The weather should cooperate over most of Minnesota for seeing Thursday’s rare sunset partial solar eclipse.

  • 4:23 p.m., eclipse begins
  • 6:15 p.m., sunset
  • 6:40 p.m., eclipse ends
  • 61 percent of the sun will disappear behind the moon in Minnesota at peak eclipse

First we deal with a band of clouds and generally light showers moving through Minnesota overnight into Thursday morning.

NWS La Crosse

Thursday’s weather trends feature morning clouds, then gradually clearing skies from west to east as a Pacific front slides through.By afternoon, most of the showers and the back edge of the clouds should be moving into Wisconsin.


Here’s a more detailed breakdown for forecast sky conditions in the Twin Cities Thursday.

We start cloudy, but all major forecast models push the cloud deck east of the Twin Cities (and most of Minnesota) before the eclipse begins at 4:23 pm. Sunset is at 6:15 pm. I can’t rule out a few lingering passing clouds during the eclipse, but skies should be mostly clear across most of Minnesota.


Minnesota: Eclipse central?

Minnesota is in a good spot to see this eclipse.

Here’s a good guide to eclipse watching from National Geographic.

The sun and moon play hide and seek on Thursday, as the lunar silhouette glides across the solar disk in a partial solar eclipse visible across much of North America.

The shadow of the rare partial solar eclipse first falls on Siberia’s Kamchatka Peninsula at 2:37 p.m. EDT on Thursday, October 23. Local viewing times will vary as the moon’s shadow travels east over much ofCanada, Mexico, and the United States, with a sunset eclipse visible from eastern states.

“The farther north and west you are on the continent, the more of the sun you will see covered,” says astronomer Jay Pasachoff of Williams College in Massachusetts, a National Geographic Society grantee. As long as 10 percent or more of the sun is eclipsed, he says, “it doesn’t matter really where you look from, as long as you have clear weather.”

Best Viewing?

How much of the sun is covered during a solar eclipse depends on how far observers are inside the penumbral shadow.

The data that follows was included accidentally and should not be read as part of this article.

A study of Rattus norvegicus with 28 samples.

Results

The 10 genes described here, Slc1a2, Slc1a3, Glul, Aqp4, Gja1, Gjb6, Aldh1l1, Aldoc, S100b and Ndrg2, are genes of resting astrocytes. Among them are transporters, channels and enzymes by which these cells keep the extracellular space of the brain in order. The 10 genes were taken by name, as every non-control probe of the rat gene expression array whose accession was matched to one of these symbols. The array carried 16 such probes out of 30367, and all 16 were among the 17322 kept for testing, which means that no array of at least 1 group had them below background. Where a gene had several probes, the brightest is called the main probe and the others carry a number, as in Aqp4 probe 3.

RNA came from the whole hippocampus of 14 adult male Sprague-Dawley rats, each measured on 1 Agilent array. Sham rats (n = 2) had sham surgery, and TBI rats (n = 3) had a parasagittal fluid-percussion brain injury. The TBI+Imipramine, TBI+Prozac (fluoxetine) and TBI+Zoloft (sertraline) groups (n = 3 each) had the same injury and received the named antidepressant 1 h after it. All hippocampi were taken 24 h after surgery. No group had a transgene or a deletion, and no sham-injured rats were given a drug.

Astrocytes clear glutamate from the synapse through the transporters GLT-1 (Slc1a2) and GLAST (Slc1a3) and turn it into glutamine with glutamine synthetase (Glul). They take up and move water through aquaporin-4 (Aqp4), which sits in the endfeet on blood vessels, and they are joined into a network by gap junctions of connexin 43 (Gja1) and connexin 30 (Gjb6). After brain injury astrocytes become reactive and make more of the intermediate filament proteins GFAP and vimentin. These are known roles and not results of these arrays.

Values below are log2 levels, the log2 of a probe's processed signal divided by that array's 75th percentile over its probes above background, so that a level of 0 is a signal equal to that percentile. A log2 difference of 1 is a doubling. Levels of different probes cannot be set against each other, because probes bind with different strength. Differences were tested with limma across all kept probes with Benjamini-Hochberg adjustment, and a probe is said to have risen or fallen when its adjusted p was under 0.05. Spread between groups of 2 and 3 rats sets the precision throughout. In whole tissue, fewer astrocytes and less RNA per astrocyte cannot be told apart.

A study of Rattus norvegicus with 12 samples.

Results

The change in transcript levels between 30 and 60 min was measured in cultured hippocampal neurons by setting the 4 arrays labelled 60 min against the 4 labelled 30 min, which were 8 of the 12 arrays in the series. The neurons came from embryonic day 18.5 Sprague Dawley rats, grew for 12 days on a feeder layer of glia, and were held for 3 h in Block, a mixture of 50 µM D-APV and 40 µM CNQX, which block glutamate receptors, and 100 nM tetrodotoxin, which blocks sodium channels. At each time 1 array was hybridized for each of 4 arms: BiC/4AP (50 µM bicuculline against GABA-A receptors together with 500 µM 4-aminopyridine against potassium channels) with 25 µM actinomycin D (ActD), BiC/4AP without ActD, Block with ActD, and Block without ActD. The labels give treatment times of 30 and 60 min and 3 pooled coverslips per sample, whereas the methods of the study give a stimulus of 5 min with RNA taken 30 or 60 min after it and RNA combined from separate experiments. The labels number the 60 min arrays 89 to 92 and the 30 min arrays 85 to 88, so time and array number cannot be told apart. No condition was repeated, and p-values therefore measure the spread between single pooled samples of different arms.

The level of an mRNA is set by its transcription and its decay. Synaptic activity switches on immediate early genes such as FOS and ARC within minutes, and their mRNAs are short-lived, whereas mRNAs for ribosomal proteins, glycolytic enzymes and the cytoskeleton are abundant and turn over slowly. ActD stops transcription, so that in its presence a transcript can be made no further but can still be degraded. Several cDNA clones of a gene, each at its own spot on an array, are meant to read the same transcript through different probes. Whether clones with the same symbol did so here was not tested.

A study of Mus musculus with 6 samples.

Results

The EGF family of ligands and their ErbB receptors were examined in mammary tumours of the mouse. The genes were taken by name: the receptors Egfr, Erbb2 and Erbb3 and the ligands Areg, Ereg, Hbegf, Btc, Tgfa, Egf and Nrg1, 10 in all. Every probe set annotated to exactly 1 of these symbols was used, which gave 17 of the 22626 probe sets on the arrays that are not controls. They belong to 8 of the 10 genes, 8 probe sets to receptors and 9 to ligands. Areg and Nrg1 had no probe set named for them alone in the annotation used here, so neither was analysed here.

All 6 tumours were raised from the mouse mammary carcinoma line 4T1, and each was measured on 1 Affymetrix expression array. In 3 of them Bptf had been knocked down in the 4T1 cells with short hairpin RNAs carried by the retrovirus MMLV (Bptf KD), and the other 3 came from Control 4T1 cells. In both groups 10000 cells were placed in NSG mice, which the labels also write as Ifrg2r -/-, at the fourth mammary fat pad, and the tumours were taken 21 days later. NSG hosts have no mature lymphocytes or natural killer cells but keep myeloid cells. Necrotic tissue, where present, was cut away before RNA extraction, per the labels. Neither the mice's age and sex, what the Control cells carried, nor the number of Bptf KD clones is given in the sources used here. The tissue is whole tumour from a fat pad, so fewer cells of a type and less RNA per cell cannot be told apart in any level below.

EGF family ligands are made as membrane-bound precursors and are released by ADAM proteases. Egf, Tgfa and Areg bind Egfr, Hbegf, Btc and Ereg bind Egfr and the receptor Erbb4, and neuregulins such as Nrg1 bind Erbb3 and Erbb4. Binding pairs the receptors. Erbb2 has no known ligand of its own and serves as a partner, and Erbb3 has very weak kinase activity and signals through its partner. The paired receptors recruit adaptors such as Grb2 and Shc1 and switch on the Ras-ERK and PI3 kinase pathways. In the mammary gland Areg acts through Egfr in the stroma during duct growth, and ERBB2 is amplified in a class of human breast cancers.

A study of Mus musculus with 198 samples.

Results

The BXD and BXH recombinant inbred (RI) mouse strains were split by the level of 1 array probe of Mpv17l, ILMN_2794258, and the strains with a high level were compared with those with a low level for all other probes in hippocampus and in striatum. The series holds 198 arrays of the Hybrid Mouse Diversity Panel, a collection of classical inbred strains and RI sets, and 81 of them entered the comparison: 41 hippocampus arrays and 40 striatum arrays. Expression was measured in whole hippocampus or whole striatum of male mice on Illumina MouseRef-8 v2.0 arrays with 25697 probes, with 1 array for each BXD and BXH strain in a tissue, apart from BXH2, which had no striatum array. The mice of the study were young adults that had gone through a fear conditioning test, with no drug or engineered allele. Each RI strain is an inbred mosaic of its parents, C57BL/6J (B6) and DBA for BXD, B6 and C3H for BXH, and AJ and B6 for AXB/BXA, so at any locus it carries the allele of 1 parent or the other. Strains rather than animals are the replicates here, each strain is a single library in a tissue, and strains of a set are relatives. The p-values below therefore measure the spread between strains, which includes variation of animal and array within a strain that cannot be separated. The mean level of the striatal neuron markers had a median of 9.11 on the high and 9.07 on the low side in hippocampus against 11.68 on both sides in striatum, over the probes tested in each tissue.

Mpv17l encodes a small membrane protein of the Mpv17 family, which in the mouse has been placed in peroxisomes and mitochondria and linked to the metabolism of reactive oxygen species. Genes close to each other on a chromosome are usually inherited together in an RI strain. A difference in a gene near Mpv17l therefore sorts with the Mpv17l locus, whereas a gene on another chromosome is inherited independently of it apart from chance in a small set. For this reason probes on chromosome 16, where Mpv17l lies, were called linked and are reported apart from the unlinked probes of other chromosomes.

On Thursday, northern cities get more of an eclipse, with Minneapolis and Seattle seeing more than half the sun’s disk covered. Farther south, eclipse watchers in Los Angeles will see 45 percent of the sun’s diameter covered at 3:38 p.m. PDT.

Sunset will curtail the show on the eastern edge of North America. In New England the sun sets before the eclipse gets going, shutting out folks there from a view, Pasachoff says, “though some glimpses on the sunset horizon might be visible from the southeast.”

So while Westerners will watch the entire eclipse play out in the overhead afternoon skies, Easterners will be treated to only the first half of the disappearing act while the sun sets in the west. In Chicago, in the Midwest, 55 percent of the sun’s disk will disappear at 5:42 p.m. CDT just as it sets, and in Toronto the eclipse will reach 44 percent at sunset, at 6:20 p.m. EDT.


Watching the Eclipse Safely

Do I need to be like  your mom and kindergarten teacher and tell you never to look directly at the sun?

I didn’t think so.

Here are some common sense tips on how to safely watch the eclipse

Anyone observing the partial eclipse should take precautions not to damage their eyes by looking directly at the still blindingly bright sun.

Without special filter-protected glasses and telescopes, you should never look directly into the sun. But there are safe and easy alternatives for enjoying the eclipse show. Pasachoff suggests looking for images of the sun cast on the ground under leafy trees, or making a simple pinhole camera.

“Just punch a quarter-inch hole [about a half centimeter] in a piece of cardboard and use that to project an image, with the sun behind your shoulder while you look away from the sun,” says Pasachoff, who will be observing his 60th eclipse.

“Look at the ground under trees to see if you see pinhole images of a solar crescent.”

For more safety tips, see “How to Safely Watch a Solar Eclipse.”